If the first rule of the classroom is to maintain discipline so that learning can occur, we know that the four pre-TPRS activities described on the handouts link of this site work and effectively set up success with stories later, because discipline is maintained.
One may ask if these activities would work for older students or even adults. I know that they work for adults because I have used them at the university level both in for credit classes and in evening adult classes. I see no reason why they wouldn’t work with high school students. It all comes back to mixing comprehensible input with personalization. That is the formula put forth by Susan Gross and, as far as I am concerned, is the last word on the subject.
Anyone who can understand the language in a relaxed environment, in which the teacher is clearly not stressed about any perceived failures of the students, and in which the students are being talked about in a positive way, will learn the language. Whether a certain method will work or not is not about a person’s age, but about the degree of CI + P available in the class.
That raises another question – can methods that do NOT guarantee discipline and that do NOT deliver CI + P work at any age level? I think not. In that sense, grammar/translation methods (the book) cannot reach elementary school kids , but they can’t reach anyone else, either. The only people who pretend that they do work are the high school and university teachers, the foxes who guard the hen house, but produce miserable outcomes year after year with virtually no accountability by oblivious supervisors.
It is a sad fact that people who act knowledgeable about a subject, even if they are not, are accorded positions of power in society. It is a tragedy that this idea applies so thoroughly to our foreign language classrooms. We are not talking about merely losing money at the expense of these blowhards, we are talking about losing CHILDREN as a result of these so-called professionals who teach without any accountability!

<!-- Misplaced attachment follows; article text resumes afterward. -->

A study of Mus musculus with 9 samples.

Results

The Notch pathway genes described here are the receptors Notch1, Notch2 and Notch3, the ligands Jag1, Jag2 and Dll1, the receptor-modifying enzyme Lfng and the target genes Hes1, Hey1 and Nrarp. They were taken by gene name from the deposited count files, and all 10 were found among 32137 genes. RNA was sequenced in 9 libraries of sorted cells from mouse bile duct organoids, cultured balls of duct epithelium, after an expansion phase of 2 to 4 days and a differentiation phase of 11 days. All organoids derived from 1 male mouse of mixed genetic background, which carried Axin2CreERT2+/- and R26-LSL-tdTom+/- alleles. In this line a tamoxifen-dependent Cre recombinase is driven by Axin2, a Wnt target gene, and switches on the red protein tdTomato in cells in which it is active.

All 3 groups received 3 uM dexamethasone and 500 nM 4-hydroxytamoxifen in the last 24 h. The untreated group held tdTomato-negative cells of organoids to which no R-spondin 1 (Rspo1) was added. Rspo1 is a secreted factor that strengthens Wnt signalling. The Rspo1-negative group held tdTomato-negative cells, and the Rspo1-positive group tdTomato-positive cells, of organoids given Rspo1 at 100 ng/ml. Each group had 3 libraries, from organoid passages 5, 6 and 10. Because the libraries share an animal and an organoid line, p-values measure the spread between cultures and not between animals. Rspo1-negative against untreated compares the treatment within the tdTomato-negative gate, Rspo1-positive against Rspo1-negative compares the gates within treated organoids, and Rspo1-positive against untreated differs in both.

I hate what those fox people are doing to our children. I don’t hate them, but I surely hate what they are getting away with. Like the blowhard Wall Street bankers who are merely criminals, and no more. I am sure that these teachers and bankers are nice people, but I hate what they are doing to our country. Like Jody said, we want to see real results with real kids.
Amd yes, thank you for asking – I am one that thinks that what millions of American children experience in part of their daily lives in our schools has a deeper impact on our nation’s overall mental health than those guardian foxes of the old ways of teaching have any idea. They have a gnarly case of hubris, in fact.
What about Rosetta and other expensive programs like that? Do they deliver the CI + P? In my own experience, they do not. Many people have tried to acquire languages from those programs, but have failed. The CI is simply not there – rather, there are a lot of confusing bells and whistles, but there is no clear flow of interesting and comprehensible language, and there is certainly no personalization. They are making a ton of money at Rosetta, but is there a moral side to this? Is their price of $300 or so for their lukewarm (at best) language programs justifiable? What is going on in our country?
What about the Rassias method and similar methods? I have discussed this topic on this blog and elsewhere. One of the points that I made was that it takes extremely high energy and extremely highly motivated college students to even begin to get that method to work.
The fact is that the laid back pace of the PQA done in the four pre-story activities mentioned above is by design. We have to learn to go slowly when teaching using TPRS-based methods, not just so that our students understand us, but to conserve our energy so that we can teach up to five times a day.
Why should I run around the room dressed up like Molière spouting out incomprehensible input when only the “best” students are able to hang on to the back of the fast moving train, with many students sprawled in the dust behind it, when I could invite the students into the TPRS club car, lean back in a comfortable chair, never the clown, and let the CI + P train take us where we want to go together as a relaxed and harmonious group? It sounds like a good idea to me, and, besides, I don’t have a Molière costume, although I would like one very much.
On the CI + P Express, we take frequent breaks from our enjoyable discussions to read or listen to music, or do some writing, as the train takes us slowly but surely to our destination of fluency. We end each academic year (each stop on our journey) liking each other as much as we did at the beginning of the year, or more, which can only be a good thing considering the current state of the real educational product in our nation’s schools.